Posted by Clyde A. Keys on December 07, 1998 at 02:50:30:
In Reply to: Re: searching for name[s] of the architect[s] who designed and built the temple at Willmette posted by greg sexton on November 08, 1998 at 21:39:42:
There is a good account in the Bahai Yearbook 1925-1926 (first volume of Bahai World).
The primary architect was Louis Bourgeois. Also a book called the Spirit of the Temple
has information. Contracts to build were with Avery Brundage, McCarty Bros. of Chicago,
A Model Is Built (This little note is from a pamphlet for visitors to the House of Worship
during the Five Year Plan)
Louis Bourgeois gazed forlornly at his laundry basket still filled with roses.
Even at the large flower market he had failed to find anyone who wished to buy
them. Filled with sadness, he started to leave the market; but when he reached
the door a man bumped against him, nearly knocking the basket from his hands.
The man was very apologetic and, to Louis Bourgeois' delight, offered to buy the
roses. With a five dollar bill clutched tightly in his hand, he hurried from
the market and traveled a long distance through New York City to make a very
special purchase. Then he returned home and, with great joy, exclaimed to his
wife, "Alice, I have the plaster, and now I can make my model!"
For the previous eight years Louis Bourgeois had tried, unsuccessfully, to create
a worthy design for the House of Worship. Then, with a war raging, his job gone,
his financial situation desperate, he began to envision a design. He drew for
several weeks only to realize, finally, that his concepts were so revolutionary
that they could not be communicated adequately by drawings alone.
"The only way to present it would be as a model; but how to make a model? I had
no money for a model-maker, and I had never made one before. Again I seemed
blocked, and the path ahead dark. Then one day, as I was in despair, that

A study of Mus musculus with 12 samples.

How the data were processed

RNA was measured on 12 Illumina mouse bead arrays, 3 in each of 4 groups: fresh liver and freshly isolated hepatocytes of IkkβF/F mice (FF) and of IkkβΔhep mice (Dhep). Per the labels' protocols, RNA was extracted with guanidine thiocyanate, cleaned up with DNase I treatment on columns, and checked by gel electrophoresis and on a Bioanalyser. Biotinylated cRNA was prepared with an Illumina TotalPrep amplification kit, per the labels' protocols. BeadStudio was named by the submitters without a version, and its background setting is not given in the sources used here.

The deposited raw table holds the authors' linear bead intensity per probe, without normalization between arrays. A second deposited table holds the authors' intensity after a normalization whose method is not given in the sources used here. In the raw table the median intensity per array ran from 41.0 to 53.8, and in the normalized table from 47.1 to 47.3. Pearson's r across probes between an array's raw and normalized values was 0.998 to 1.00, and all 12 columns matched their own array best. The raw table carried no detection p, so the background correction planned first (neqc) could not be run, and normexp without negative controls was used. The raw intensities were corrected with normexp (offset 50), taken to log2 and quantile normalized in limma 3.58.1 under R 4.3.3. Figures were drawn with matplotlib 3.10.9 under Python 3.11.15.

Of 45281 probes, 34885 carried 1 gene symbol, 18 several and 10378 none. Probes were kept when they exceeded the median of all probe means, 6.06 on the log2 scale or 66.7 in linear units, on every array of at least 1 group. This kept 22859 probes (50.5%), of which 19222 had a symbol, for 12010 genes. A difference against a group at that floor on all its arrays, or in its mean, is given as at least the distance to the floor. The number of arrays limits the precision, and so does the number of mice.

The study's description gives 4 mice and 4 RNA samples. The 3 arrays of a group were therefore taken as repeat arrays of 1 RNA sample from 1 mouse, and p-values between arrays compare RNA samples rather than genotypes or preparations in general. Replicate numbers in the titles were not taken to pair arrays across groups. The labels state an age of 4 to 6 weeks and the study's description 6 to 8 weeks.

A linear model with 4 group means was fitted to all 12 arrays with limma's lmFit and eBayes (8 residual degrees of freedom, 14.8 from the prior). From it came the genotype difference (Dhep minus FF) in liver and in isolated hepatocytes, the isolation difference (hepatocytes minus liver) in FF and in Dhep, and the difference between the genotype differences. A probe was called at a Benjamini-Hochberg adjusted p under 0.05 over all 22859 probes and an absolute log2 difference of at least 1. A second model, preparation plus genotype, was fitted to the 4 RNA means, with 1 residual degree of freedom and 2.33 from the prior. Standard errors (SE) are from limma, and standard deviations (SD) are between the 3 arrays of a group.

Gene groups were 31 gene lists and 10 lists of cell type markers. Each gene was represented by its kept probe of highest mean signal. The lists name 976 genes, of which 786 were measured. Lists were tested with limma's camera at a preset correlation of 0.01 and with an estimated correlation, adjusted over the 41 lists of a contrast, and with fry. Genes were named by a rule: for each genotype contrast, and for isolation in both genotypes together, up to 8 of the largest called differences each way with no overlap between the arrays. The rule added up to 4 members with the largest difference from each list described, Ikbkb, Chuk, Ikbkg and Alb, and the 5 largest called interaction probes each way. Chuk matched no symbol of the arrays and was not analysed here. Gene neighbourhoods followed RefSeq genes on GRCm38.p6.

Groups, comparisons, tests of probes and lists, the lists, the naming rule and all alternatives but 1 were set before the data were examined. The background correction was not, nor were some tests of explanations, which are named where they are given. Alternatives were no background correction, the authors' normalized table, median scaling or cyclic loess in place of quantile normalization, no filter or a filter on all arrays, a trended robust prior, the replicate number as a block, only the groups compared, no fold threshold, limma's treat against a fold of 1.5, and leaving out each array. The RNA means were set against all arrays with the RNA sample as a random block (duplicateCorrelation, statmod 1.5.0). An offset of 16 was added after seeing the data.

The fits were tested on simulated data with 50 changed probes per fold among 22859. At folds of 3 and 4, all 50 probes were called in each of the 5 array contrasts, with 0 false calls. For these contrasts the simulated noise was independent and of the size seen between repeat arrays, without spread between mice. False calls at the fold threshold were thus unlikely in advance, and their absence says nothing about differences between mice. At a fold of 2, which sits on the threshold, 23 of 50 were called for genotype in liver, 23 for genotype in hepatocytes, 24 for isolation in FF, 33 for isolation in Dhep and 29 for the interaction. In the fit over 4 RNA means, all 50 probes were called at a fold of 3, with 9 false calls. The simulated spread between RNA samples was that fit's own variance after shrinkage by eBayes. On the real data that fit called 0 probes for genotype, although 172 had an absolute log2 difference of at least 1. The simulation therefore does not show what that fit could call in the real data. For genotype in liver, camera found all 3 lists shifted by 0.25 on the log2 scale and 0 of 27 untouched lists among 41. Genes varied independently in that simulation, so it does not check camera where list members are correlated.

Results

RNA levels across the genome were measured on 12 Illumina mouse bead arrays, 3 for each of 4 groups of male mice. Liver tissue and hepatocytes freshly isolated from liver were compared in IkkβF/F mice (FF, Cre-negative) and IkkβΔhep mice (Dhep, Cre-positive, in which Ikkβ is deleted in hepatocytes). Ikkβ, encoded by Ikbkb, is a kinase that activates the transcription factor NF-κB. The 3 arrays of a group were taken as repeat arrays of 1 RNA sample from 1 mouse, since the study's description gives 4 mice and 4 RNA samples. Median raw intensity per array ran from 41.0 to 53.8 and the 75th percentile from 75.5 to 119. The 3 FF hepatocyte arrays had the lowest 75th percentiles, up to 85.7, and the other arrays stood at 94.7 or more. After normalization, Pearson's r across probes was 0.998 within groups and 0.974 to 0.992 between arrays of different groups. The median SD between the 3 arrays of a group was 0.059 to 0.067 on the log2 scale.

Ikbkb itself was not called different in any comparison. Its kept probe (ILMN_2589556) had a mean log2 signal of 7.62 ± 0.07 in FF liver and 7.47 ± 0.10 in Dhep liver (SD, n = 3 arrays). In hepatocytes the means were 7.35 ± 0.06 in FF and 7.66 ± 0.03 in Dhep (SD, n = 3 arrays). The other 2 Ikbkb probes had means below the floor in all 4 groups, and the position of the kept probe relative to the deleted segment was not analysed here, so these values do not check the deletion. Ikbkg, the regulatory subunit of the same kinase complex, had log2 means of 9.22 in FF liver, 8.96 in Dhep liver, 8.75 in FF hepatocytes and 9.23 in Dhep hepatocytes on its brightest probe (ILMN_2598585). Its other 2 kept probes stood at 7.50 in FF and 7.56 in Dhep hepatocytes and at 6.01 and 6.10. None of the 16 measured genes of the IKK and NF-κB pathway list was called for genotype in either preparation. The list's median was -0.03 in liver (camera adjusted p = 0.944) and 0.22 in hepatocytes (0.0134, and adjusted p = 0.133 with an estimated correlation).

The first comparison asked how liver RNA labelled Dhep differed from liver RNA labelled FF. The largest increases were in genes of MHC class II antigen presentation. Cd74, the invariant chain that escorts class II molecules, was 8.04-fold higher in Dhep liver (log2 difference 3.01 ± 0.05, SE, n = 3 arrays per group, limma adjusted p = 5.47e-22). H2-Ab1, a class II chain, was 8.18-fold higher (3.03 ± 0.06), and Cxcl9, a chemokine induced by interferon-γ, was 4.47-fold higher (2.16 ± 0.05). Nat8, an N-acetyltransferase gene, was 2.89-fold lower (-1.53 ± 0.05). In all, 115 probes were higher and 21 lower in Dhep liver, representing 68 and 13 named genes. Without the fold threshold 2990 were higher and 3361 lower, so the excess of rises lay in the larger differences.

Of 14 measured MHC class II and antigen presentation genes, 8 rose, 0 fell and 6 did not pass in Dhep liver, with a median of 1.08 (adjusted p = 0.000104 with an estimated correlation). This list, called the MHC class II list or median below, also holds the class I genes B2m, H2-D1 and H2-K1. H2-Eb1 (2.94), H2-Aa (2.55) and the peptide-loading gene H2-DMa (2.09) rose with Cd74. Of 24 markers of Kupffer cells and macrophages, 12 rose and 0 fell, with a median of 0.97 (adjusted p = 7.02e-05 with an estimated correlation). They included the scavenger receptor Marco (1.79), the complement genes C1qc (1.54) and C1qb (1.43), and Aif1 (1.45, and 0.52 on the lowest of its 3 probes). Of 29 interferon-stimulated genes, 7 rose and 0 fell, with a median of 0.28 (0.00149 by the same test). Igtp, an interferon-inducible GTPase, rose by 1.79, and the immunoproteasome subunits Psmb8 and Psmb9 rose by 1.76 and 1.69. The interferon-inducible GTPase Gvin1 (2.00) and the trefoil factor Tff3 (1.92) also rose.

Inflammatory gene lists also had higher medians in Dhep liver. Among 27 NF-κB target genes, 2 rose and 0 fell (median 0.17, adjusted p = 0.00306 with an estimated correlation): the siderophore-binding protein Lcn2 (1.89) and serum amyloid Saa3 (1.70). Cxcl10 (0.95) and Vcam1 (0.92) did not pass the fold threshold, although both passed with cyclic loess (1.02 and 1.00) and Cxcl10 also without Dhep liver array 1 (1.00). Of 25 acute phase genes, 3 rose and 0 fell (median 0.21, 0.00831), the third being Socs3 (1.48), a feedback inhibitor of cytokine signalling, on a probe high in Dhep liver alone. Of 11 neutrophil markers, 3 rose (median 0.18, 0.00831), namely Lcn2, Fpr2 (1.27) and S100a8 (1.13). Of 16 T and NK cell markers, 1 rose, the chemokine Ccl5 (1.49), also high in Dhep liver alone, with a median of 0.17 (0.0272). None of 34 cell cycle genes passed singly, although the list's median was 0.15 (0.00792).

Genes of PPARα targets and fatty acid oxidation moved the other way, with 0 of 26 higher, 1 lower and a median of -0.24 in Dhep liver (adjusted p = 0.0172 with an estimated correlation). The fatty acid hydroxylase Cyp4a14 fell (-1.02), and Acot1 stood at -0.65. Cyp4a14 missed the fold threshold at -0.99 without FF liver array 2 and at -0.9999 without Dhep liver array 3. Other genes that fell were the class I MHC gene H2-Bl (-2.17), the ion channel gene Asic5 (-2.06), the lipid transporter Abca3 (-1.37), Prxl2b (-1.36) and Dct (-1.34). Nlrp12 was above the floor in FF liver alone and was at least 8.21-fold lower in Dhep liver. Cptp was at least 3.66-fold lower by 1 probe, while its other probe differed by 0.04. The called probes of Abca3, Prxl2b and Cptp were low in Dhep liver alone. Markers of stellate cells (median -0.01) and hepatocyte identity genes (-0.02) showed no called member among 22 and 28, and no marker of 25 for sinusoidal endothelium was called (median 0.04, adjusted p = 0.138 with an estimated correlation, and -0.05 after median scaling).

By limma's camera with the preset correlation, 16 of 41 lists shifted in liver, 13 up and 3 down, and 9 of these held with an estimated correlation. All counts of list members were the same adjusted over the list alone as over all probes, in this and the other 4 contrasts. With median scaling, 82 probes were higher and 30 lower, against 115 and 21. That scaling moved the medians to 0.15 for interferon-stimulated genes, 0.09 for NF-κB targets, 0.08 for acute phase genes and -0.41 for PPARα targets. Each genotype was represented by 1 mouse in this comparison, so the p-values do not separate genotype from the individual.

spiritual guidance told me to go ahead and do the modeling myself, to which I
replied, 'I never did it and I do not know how'. Again the inner voice said,
'Go and do it'. I made up my mind that I would attempt to work with a first
barrel of plaster, which the basket of roses bought."
It took three years, filled with countless hardships, to create the model.
Finally it was finished and, in April, 1920, it was displayed with six other
designs at the headquarters building of the Engineering Societies of the United
States, located in New York, during the twelfth annual convention of the Bahai'
Great excitement was generated by the Bourgeois design. Mr. H. Van Buren
Magonigle, president of the Architectural League, declared, "It is the first
new idea in religious architecture since the thirteenth century. I want to see
The decision of the forty-nine delegates was unanimous - Louis Bourgeois' "Temple
of Light" would be built at Wilmette.
'Abdu'l-Baha was greatly pleased by the selection; however, He said it was too
big and, if possible, should be reduced in size to lower the cost. Experimental
drawings were made and it was determined the diameter of the building could be
shortened from the original 450 feet to 153 feet with the only notable change
being the number of windows on either side of the entrance doors.
The building was begun in 1921. The project was destined to be plagued with
engineering problems, lack of funds, lack of proper materials, a war and even a
fire. But the dream of Louis Bourgeois was destined to be transformed into an
incredibly magnificent structure; and no power on earth could prevent it.